A subtle artefact of stacking leaves in an array is the issue of pseudo-shortening. Being on the continuing quest to make the perfect iris design, it’s certainly a factor to consider when creating an iris diaphragm. So what do I mean when I use the term pseudo-shortening? Let’s start, like all great iris designs, by […]
Designing an iris to be easily manufactured is obviously advantageous. One particular challenge is making the leaves with pins on opposite sides, and is a common limitation associated with 3D printing on a FDM printer (also known as FFF). This is because parts generally benefit from being printed flat (see my previous article). With these […]
Projection welding is a form of spot-welding, whereby a protrusion of material from one metal part is melted into another, forming a solid bond. This is a particularly useful technique when you have mismatched material thicknesses – such as a solid pin being welded onto very thin leaf material. To make this work for us, […]
This is a guide on how we currently cut the slot for the irises handle in our steampunk goggles. If you’ve bought the Steampunk iris from our store, you may find it useful to follow, or modify, these instructions to cut the slot in your own goggles. For those of you that have a 3D printer, we’ve included a template for you to download and 3D print to help aid the process.
Although it is a little unclear as to who invented the iris diaphragm first, there are many candidates that could be credited with the concept. A little searching throws up names such as; Robert Hooke, Joseph Nicéphore Niépce, and J.H. Brown. What we do know, is that the first patent for an ‘improved’ device was […]
It’s rare to encounter a problem with an iris, but if there’s going to be a failure anywhere, it’s usually a pin breaking or jamming. The latter causing the leaf to scrunch up, taking a neighbour or two with it.
All products have an expected lifespan, and irises are no different. So how many aperture cycles could an iris endure during it’s entire life? This is an answer I’m curious to find out…
Once you’ve designed and downloaded your mechanical iris as a DXF, what happens next?
Because the Iris Calculator makes no assumptions as to how you might want to fabricate your iris, those DXF files need to be shaped into your final design. In this brief video I show you an example of how you might extrude the housing into a 3D model using SolidWorks.
Here’s a short video demonstrating 5 steps to making Steampunk goggles mechanical iris diaphragm. Once you’ve 3D printed the parts it’s relatively straight forward to put together.
8×10″ card, incorporating a 5 blade iris mechanism with a 3.5″ aperture, made of reflective card stock.
Opening the aperture reveals your message.
Message can be easily replaced, and the card used again.
Part of designing a mechanical iris diaphragm is knowing what’s the best material to use for iris blades. Material choice is important for a number of reasons, such as; environment, durability, cost, and ensuring a smooth operation.
As part of bringing the DXF export files inline with the web output display, the export feature now includes a number of updates.
3D printers are incredible pieces of tech. With the lowering the costs of FDM (Fused Deposition Modelling) printers in recent years, it has enabled desktop fabrication to reach the masses – both in the small business environment, and in the home. Sometimes, however, printing a seemingly simple object can also prove to be equally impossible. Including a way to 3d print leaves for an iris diaphragm…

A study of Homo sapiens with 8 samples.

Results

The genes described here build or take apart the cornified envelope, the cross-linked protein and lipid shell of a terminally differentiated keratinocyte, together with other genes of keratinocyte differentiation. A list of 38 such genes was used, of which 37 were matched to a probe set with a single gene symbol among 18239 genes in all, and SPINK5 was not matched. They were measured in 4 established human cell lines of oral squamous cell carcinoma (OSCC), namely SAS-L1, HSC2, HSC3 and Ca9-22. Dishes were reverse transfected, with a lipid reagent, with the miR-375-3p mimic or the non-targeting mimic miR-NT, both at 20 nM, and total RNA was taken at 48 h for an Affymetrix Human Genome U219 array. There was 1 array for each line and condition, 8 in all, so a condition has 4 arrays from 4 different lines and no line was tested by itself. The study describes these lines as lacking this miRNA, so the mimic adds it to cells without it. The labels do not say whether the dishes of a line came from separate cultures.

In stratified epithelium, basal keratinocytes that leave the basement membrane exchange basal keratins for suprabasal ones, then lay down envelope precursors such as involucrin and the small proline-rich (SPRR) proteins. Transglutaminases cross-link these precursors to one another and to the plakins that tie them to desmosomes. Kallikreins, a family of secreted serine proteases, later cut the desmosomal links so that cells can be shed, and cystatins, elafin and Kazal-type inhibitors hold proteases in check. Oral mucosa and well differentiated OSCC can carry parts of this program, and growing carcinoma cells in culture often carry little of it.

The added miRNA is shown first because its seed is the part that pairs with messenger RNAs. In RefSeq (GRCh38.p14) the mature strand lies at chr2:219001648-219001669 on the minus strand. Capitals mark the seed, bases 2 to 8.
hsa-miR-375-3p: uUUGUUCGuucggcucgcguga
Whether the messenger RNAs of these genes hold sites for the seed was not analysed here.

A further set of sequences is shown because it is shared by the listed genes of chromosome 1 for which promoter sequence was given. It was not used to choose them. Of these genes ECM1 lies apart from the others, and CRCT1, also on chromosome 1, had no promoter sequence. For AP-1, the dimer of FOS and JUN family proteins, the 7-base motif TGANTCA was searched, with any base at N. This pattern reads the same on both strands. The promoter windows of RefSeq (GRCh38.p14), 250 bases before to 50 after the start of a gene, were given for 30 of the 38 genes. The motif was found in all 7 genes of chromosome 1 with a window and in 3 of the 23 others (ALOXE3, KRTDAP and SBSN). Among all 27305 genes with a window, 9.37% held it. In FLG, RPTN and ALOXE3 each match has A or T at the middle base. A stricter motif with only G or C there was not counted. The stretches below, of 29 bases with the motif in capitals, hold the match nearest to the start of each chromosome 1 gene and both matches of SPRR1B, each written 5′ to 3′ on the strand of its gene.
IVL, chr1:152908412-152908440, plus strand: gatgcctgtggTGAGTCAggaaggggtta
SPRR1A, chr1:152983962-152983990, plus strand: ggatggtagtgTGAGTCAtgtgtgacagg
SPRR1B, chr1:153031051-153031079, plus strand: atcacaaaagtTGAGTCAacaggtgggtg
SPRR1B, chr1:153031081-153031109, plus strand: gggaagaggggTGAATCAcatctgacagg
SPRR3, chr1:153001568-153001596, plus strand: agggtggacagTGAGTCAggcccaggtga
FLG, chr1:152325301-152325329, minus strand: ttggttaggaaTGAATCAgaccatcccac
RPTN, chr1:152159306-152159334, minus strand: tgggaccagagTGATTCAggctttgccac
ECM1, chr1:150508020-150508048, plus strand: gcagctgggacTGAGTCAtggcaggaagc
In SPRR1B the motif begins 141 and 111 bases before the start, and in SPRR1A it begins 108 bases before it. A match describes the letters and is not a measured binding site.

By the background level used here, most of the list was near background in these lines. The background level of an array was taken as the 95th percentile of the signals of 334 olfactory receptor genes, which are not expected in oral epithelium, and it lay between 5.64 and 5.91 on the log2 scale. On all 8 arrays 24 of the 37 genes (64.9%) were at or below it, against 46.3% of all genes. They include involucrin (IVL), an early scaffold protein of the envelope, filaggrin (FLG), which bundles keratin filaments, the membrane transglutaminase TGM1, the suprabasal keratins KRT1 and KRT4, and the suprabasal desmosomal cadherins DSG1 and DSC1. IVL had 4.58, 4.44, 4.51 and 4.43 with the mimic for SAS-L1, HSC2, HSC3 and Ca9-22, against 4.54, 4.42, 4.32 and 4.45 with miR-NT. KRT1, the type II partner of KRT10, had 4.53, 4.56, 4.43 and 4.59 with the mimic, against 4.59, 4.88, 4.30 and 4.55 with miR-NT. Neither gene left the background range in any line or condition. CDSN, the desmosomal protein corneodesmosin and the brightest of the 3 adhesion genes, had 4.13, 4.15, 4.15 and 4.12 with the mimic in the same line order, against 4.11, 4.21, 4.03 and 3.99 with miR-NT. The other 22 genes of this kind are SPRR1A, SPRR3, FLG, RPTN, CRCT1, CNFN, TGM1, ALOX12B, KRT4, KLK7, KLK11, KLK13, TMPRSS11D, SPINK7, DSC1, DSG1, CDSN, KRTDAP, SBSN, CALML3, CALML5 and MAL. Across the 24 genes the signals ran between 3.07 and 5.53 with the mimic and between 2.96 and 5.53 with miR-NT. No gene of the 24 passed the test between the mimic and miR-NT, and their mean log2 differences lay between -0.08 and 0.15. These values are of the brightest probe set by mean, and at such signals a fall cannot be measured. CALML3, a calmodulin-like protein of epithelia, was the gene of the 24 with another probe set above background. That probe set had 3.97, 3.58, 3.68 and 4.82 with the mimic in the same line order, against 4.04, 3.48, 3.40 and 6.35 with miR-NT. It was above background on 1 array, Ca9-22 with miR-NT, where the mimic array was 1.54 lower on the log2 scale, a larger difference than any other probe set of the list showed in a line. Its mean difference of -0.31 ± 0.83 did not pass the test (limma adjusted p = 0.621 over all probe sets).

No matter who you are, no matter where you’ve been, there’s always some (good) distractions from the usual work. This time around it was creating a small toy, to go in loot bags for a PJ Masks themed party… Because sometimes even the smallest client is the most important!
Back in February, 2017, Make magazine wrote an unbiased review about the Iris Calculator. The author, Caleb Kraft, used the software to help speed up his design process for making his own mechanical iris. Read the review.
This week, I set myself the challenge of creating an iris that was simple and easy to make. A paper mechanical iris that required no additional materials, or construction techniques, accessible to all. Could it be done?
The blade overlap control usage in the Iris Calculator is somewhat under utilized by default, as it is set to ensure there are absolutely no light leakages. But it can really help – in combination with some of the other controls – to refine your iris diaphragm design. And it is especially useful when dimensions are tight and you need to maximize all the space you have available.
I decided to do something today that I have been wanting to do for a long time; which is to stencil an image on the blades of an iris. This, I figured, has no real practical use – perhaps a new Iris Calculator business card – but none-the-less it would be an interesting effect to see. And as it’s Canada day today, what better image to use than the Canadian flag!
Today we raid the kitchen draw and get to disassemble a spaghetti iris portion tool. The Joseph Joseph adjustable spaghetti measure cleverly makes use of an iris diaphragm’s aperture to give you the perfect amount of pasta on your plate, every time.
Manufacturing mechanical an iris diaphragm blade, identically, multiple times is a challenge. Usually you’re dealing with very thin material and needing to mount pins securely, with a high degree of accuracy. Here is a somewhat subjective run through of various methods of making blades for your iris.
Building an iris diaphragm needn’t always require specialist tools and materials. A perfectly functional aperture can be easily created from craft materials found around the home. All it takes is a little patience and a steady hand.